Shakespeare told us that “the course of true love never did run smooth.” That sentiment is certainly true in productions born from the collaboration between director Michael Kahn and playwright David Ives. In anticipation of The School for Lies, we look back on the romantic farces produced by this duo.

The Liar (2010)

Erin Partin as Clarice and Christian Conn as Dorante in The Liar. Photo by Scott Suchman.

Based on Pierre Corneille’s Le Menteur, The Liar follows the dashing Dorante as he courts Lucrece, thinking she’s Clarice. Seemingly thwarted by his father, Dorante proceeds to build a series of increasingly ludicrous lies. Grown from STC’s ReDiscovery series, The Liar worked in conjunction with other productions like Cyrano (2004), Lorenzaccio (2005) and The Silent Woman (2003) to give voices to great classical writers who are rarely performed. The highly successful production went on to be staged across the country and was revived just this winter Off-Broadway at the Classic Stage Company.


The Heir Apparent (2011)

Floyd King as Geronte, Andrew Veenstra as Eraste and Kelly Hutchinson as Lisette in The Heir Apparent. Photo by Scott Suchman.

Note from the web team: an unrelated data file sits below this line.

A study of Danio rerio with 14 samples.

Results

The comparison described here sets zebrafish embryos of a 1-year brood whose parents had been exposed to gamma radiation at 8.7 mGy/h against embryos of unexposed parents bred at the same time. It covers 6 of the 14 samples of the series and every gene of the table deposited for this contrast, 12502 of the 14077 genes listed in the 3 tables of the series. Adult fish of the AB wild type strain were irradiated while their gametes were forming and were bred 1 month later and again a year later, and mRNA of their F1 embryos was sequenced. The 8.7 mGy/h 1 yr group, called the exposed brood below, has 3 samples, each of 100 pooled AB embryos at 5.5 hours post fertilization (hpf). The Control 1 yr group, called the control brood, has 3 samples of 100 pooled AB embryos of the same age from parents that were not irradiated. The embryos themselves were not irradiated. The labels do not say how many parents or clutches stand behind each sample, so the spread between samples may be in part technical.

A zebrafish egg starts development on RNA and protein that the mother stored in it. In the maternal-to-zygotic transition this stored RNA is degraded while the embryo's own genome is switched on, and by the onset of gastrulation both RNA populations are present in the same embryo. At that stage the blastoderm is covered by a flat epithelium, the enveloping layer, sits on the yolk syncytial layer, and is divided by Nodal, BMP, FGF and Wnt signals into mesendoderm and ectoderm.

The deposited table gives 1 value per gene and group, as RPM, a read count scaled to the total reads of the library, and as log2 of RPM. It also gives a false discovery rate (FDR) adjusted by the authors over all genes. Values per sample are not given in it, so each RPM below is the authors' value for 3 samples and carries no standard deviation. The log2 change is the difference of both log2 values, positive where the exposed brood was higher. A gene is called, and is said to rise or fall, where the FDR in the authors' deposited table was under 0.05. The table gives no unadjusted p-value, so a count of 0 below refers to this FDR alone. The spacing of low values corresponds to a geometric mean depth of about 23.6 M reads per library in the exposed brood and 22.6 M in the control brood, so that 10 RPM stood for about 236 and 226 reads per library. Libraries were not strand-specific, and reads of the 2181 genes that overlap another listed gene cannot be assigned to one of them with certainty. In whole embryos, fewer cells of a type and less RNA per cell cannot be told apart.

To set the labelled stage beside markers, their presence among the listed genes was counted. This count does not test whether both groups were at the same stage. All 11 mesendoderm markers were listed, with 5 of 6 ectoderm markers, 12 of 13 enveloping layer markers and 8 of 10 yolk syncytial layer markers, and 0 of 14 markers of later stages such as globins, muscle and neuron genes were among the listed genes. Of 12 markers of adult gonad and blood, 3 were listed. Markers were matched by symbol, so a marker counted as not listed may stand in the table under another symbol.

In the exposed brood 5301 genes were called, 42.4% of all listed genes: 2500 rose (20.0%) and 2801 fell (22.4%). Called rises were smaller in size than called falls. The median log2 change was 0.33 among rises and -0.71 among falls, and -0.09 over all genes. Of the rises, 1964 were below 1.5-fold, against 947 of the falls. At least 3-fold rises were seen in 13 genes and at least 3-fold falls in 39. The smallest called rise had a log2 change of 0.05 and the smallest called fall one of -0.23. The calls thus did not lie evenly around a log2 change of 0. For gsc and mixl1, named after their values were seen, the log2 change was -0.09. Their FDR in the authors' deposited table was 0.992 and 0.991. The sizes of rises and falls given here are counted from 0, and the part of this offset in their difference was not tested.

This time drawing from Jean-François Regnard’s farce La Légataire Universel, The Heir Apparent tells of another young man seeking the means to marry his beloved. Eraste must appeal to his rich and ailing uncle Geronte for funds as he tries to push up his engagement to the beautiful Isabelle. Launching STC’s 25th anniversary celebrations, this comedy brought Ives and Kahn together once more. Costume Designer Murell Horton and Scenic Designer Alexander Dodge also returned to STC for the production, which eventually went on to play Chicago and San Diego.



Anthony Roach as Dorante and Amelia Pedlow as Lucille in The Metromaniacs. Photo by Scott Suchman.

The Metromaniacs (2015)

Adapted from Alexis Piron’s La Métromaine, The Metromaniacs tackles writers and critics in equal measure. Young Damis is enamored with an elusive poetess, never guessing that the writer behind his favorite verses might not be who he believes. With this and their other collaborations, Ives and Kahn together expanded audiences’ understanding of traditional French comedies, proving them to be just as entertaining as Shakespeare’s comedies, and breathed life into the artistry of modern verse productions.